Gold Star Families Memorial Monument in Mantorville dedicated to those who lost a loved one
The memorial monument was unveiled Saturday.
MANTORVILLE, Minn. — Gold Star families across Minnesota now have a memorial monument dedicated to them.
Hundreds gathered in front of the Dodge County Finance Department, and across the street from the Dodge County Sheriff’s Office and Courthouse, on Saturday, June 25, 2022, to dedicate the Gold Star Families Memorial Monument.
The memorial monument had been a project two and a half years in the making, and was an effort undertaken by a committee of friends after visiting a similar monument in Reno, Nev.
“Somebody had said, ‘Hey, you got to see this Gold Star memorial in Reno.’ And we went down there and saw it,” Scott Eggert said. “We're all driving back to our cabin. And all of a sudden, we're looking at each other going, ‘We could do that.’ Before you know it, we were all having these thoughts in our head and we just dug in, and here we are.”
The group consists of a Gold Star family, Dave and Kay Swenson and their daughter, Emily Woslager; Scott and Monica Eggert; Col. Rod Peterson, retired; Tim Horvei; and Teresa Czaplewski.
The Swensons’ son, Marine Lance Corporal Curtis Swenson, was killed in action on April 2, 2010, in Helmand Province, Afghanistan, during Operation Enduring Freedom.
The monument has a few different features and meanings to it. There are four panels, with a cutout of a soldier saluting separating the third and fourth panels. Four labels are inscribed along the bottom: homeland, family, patriot and sacrifice.
“Family. In a military family, everyone serves,” Kay Swenson said. “We didn't all raise our hand, but we stood quietly behind sons, daughters, fathers, mothers, siblings and spouses. From all generations, all wars and conflicts. We are represented. They needed us, and we needed them. We wanted them home safe. Not one of us wanted to belong to this Gold Star family. Achieving this honor, we had to give up our greatest treasure.”
Then, Swenson began to talk about sacrifice.
“As a parent, I would have rather gone myself,” she said. “Our children willingly placed themselves in danger, knowing the price they could ultimately pay. We worried while they were deployed, and prepared ourselves. We could deal with any physical and mental damage of war. Any thoughts of the ultimate sacrifice were quickly dismissed. It was too thick and painful to think about. I didn't even come close to knowing the anguish.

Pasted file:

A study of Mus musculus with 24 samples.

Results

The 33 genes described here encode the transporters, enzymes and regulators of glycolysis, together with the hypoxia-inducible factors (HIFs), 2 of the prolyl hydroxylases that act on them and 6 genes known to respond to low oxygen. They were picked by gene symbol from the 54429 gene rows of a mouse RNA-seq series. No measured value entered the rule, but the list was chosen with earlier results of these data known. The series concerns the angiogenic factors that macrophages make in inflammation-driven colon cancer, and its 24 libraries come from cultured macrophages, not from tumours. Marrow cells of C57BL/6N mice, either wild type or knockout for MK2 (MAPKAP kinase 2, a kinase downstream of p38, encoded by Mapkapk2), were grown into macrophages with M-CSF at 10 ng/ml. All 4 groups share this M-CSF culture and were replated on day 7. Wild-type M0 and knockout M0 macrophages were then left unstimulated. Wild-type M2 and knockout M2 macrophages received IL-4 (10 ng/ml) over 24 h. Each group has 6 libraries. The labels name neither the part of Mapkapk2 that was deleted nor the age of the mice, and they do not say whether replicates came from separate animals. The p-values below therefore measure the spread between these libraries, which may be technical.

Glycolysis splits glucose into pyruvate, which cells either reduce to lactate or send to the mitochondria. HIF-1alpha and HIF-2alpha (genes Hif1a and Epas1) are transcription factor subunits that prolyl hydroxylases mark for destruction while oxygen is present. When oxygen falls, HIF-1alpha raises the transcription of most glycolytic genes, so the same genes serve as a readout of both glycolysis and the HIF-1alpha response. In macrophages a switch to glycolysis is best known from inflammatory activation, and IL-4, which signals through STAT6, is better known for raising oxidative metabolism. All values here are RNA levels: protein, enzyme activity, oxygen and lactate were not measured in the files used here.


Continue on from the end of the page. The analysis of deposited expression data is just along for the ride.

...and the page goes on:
“Although our hero was treated with honor and respect from the battlefield to their final resting place, it was not the homecoming we expected. Images that touched everyone else only broke my heart further. It's a fine line between happiness for others, and a deep sadness for your loss. In losing my son, I lost part of my past and future. And for a while, time stood still. This monument represents families that now endure an endless enlistment – a place for Gold Star to gather, share and grieve. For others, to pay respect to that sacrifice.”
The back of the memorial, which faces the intersection, reads, “A tribute to Gold Star families and relatives who sacrificed a loved one for our freedom.”
“It really is going to represent all Gold Star families from all wars, so that's pretty remarkable to be in little Mantorville, Minnesota,” Eggert said. “People will come from all over to be able to see this and know that it's for all the families and loved ones.”
Choosing to put the memorial monument in Mantorville was intentional, as was every decision that went into this monument.
“In Minnesota, we're very patriotic, and heroes come from small towns,” Eggert said. “We just thought we're going to find an area where it's going to be the highlight of the city.
“When we thought of this, I went, ‘Okay, this will be a good thing for all families that are like me that don't know how to say thank you.’ Because what a sacrifice.”